The medical group had grown steadily to the point that it had 14 physician partners, 100 employees, and revenues of $12 million a year. Lately, however, it had hit a wall: the partners were unable to make decisions. One of the partners, a physician named Carol, contacted me and asked to meet for lunch.
“How did you hear about us?” I asked.
“My neighbor,” she said. “He told me you had a track record of solving tough organizational issues.”
She went on to describe the long-running feud between the group’s two founding partners, Isaac and Jack. Jack had named himself managing partner five years earlier – and managed the business side of the practice. But when Jack advocated for the firm to expand, Isaac threatened to quit and take his patients with him. Their rivalry had continued until the partners were forced to pick sides, resulting in the impasse. “I can’t believe how bad it has gotten,” she said. “I actually think they enjoy fighting each other.”
I explained that I would have to talk to each partner individually and gain my own understanding of the situation. “I can’t promise success,” I said, “but I will do whatever I can.”
From my interviews, I gleaned that there was real dissatisfaction with Jack’s management. I also learned that there had never been an official vote to make him a managing partner. I met with the partners to discuss my findings. I told them I had three main recommendations:
It was quiet in the room. One partner asked if I had any further recommendations. I said that if those changes were implemented, the medical group would be heading in the right direction. Another partner asked if my work was done. I said it depended on what they wanted.
I received a call a week later from Isaac asking if I would help them draft their Constitution. I prepared some draft language with a number of options for them to consider. Everyone attended the meeting, including Jack and Isaac. They agreed that the managing partner would be elected into a two-year term by the partners’ majority vote. They defined the delegation of authority to the managing partner. They discussed which decisions could only be made by a vote of the partners. Everyone left the meeting feeling satisfied with the work they had accomplished.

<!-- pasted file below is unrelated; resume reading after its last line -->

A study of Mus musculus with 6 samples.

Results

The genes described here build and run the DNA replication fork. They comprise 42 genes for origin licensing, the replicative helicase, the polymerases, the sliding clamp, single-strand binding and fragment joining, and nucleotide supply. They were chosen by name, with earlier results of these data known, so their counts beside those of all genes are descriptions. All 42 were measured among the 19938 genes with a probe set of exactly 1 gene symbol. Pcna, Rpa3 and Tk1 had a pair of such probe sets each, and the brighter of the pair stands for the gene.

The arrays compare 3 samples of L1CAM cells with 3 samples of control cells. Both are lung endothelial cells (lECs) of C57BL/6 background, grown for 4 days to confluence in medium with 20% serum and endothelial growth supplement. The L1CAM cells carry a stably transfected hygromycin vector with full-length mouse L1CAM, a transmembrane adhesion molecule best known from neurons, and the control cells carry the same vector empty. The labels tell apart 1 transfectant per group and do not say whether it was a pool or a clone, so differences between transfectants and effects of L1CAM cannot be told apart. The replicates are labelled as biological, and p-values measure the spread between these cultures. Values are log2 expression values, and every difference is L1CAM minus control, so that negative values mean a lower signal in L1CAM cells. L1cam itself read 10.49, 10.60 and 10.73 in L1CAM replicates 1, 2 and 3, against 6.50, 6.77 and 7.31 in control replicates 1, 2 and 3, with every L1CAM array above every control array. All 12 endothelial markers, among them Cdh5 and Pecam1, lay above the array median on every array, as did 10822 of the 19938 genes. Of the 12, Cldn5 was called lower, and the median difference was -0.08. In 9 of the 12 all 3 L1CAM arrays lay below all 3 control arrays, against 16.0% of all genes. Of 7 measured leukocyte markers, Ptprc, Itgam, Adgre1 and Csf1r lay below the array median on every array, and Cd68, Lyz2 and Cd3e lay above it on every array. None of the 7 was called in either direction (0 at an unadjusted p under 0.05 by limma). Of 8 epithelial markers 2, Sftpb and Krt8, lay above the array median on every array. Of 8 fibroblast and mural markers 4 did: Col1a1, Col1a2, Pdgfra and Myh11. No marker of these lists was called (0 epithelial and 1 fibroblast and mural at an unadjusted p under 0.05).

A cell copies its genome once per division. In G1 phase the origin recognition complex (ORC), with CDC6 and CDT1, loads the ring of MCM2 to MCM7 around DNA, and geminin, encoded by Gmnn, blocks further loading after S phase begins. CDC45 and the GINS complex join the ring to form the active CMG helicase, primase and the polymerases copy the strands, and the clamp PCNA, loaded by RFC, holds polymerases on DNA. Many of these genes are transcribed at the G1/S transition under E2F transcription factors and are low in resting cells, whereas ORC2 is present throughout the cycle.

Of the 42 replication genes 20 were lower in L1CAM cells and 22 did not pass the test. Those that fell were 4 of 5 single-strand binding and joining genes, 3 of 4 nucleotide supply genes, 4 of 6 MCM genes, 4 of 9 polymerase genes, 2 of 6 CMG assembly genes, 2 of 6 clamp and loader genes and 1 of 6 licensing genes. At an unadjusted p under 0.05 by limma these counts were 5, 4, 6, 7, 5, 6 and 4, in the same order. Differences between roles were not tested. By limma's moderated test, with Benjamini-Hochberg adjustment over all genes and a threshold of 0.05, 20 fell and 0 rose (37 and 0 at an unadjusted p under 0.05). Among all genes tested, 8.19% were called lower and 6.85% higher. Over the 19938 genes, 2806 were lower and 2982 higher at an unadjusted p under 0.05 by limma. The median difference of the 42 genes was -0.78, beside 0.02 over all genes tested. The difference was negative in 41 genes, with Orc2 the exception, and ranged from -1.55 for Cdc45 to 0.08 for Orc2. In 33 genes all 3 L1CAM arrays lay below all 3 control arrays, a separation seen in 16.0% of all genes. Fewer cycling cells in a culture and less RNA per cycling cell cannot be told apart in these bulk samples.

I spoke with all of the partners the following week. Jack asked me who I believed was most suitable to be managing partner. I told him I thought Carol was a good candidate. When Isaac asked me the same question, I delivered the same answer. And throughout all of these conversations, I was absolutely clear about the fact that my decision was based on what I thought was best for the firm.
Following this, I called Carol and informed her of my view. She responded, “I don’t want the headache of dealing with Isaac and Jack. I’m happy just being a doctor.”
“You should give it a chance,” I said. “You have the skills to be a good leader. Your colleagues trust you. I can’t guarantee that the feud will end, but I suspect that Jack and Isaac will put down their guns if you’re elevated to managing partner.”
At their next Board meeting, the partners adopted the new bylaws and elected Carol as managing partner. Over the next several months, she facilitated a number of key business decisions, including the decision to add a new doctor to the practice. Revenues and profits grew. Jack and Isaac learned to get along professionally. At a dinner six months later, Carol pulled me aside and said:
“You know, it’s like we got a dose of strong medicine. This whole experience has been surprising and rewarding.”